Label: Scotti Brothers
Writers: Michael Jackson, Al Yankovic
Just as Michael Jackson’s album Thriller and the mega-hit Beat It was reaching its height, propelled by MTV and the 1984 Grammy Award for Record of the Year as well as a vocal performance Grammy for Jackson, Weird Al Yankovich released his equally legendary parody of the song, Eat It. Well, perhaps it’s not as legendary as Beat It, but it should be. Everything about it is brilliant, in true Yankovic fashion. Eddie Van Halen famously contributed the guitar solo to Michael Jackson’s take on the rock song but the solo that was reproduced on Eat It is fantastic in its own right. Who played it?
First, let’s be clear about something. Eddie Van Halen’s efforts would have never paid off if it hadn’t been for the herculean efforts of Steve Lukather and Jeff Porcaro (both of Toto), who had to fix timing problems incurred by Eddie’s improvised solo (and something about cutting the tape) and somehow blend additional guitar parts while satisfying the demands of Quincy Jones that it should not be ‘too hard.’
Who Played the Solo on Eat It?
While it’s true that Van Halen’s solo is seen as one of the best ever, some people say that the solo on Eat It is better. It was performed by guitarist and producer Rick Derringer, whom you might know from the songs Hang On Sloopy (by his band The McCoys) and Rock and Roll, Hoochie Koo (solo).
I am not one of those people who believe that the solo on Eat It is better although I do agree it is a great solo. Sometimes an off-the-cuff solo is better than a carefully worked out one, like the one on Eat It. But some folks state that the more carefully worked out solo is better. They may be picking up on some of the fixes that the recording of Beat It had to undergo because apparently it was a hot mess and required some careful work to salvage.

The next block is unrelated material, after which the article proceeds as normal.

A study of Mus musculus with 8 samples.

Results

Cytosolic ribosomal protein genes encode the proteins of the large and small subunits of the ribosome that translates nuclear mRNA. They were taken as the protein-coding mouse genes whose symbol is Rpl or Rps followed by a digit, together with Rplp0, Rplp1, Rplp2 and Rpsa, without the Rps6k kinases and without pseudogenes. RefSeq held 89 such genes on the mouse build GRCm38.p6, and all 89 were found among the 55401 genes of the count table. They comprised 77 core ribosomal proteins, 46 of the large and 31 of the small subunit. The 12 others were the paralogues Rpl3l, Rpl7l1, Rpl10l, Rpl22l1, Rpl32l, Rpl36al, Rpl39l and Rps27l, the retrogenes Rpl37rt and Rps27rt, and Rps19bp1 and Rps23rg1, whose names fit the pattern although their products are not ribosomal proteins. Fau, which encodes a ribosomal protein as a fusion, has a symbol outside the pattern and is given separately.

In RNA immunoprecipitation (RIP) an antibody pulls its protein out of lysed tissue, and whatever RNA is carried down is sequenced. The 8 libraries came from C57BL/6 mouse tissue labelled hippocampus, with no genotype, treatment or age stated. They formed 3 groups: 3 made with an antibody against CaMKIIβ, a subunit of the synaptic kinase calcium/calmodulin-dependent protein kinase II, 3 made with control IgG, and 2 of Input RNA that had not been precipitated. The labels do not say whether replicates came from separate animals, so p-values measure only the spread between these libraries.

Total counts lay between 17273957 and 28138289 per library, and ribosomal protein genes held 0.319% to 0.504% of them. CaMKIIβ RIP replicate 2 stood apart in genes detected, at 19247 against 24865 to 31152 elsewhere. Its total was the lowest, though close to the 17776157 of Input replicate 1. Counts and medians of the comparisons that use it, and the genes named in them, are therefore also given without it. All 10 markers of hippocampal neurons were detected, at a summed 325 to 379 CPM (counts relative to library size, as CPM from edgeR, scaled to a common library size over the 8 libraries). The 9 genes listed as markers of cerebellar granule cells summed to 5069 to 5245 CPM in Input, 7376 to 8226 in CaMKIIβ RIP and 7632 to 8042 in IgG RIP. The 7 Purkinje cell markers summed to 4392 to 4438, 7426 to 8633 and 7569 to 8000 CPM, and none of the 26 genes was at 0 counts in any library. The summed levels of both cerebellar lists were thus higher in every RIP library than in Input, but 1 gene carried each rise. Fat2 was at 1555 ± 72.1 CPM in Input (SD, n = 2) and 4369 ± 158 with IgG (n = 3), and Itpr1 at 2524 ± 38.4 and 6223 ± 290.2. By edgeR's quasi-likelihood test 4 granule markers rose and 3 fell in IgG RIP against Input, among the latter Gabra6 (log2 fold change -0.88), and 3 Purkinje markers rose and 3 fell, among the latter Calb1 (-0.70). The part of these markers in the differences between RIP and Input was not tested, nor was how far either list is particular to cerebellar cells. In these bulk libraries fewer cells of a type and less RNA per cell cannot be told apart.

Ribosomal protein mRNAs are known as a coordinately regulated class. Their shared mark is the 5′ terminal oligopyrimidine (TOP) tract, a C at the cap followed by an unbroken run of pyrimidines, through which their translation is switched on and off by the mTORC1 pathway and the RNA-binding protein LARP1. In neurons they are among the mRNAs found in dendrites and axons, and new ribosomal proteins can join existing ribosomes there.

Weird Al Yankovic began working with Rick Derringer in 1983 and continued doing so throughout the eighties on projects such as the Police parody “King of Suede” and “I Lost on Jeopardy,” which was a take-off of Jeopardy by Greg Kihn. For the Eat It solo, Derringer slowed down the Beat It tape to learn Van Halen’s solo. As always for Yankovic, there was meticulous attention to detail.
Equally meticulous was the making of the Eat It video, which is still a joy to watch. It cost $40,000, not cheap for a parody. Yankovich had a crew recreate the Beat It set. They employed a method similar to Derringer’s, according to Yankovich: “We had a videotape and monitor on stage and we’d freeze a scene from ‘Beat it’ and the set people would duplicate it.”
How did Jackson feel about Eat It? Well, as you may know, Yankovich actually asks permission of all the artists he parodies. He doesn’t really have to in every case. He could just license the song as a cover. But he doesn’t want to disrespect or piss off anyone he spoofs. As far as I know, only one person has ever said no: Prince. You’d think Michael Jackson would be a bit hesitant, too. But, on the contrary, Yankovich said he was a delight to work with and had a sense of humor about it. He apparently really enjoyed Eat It and he also made some decent money from it.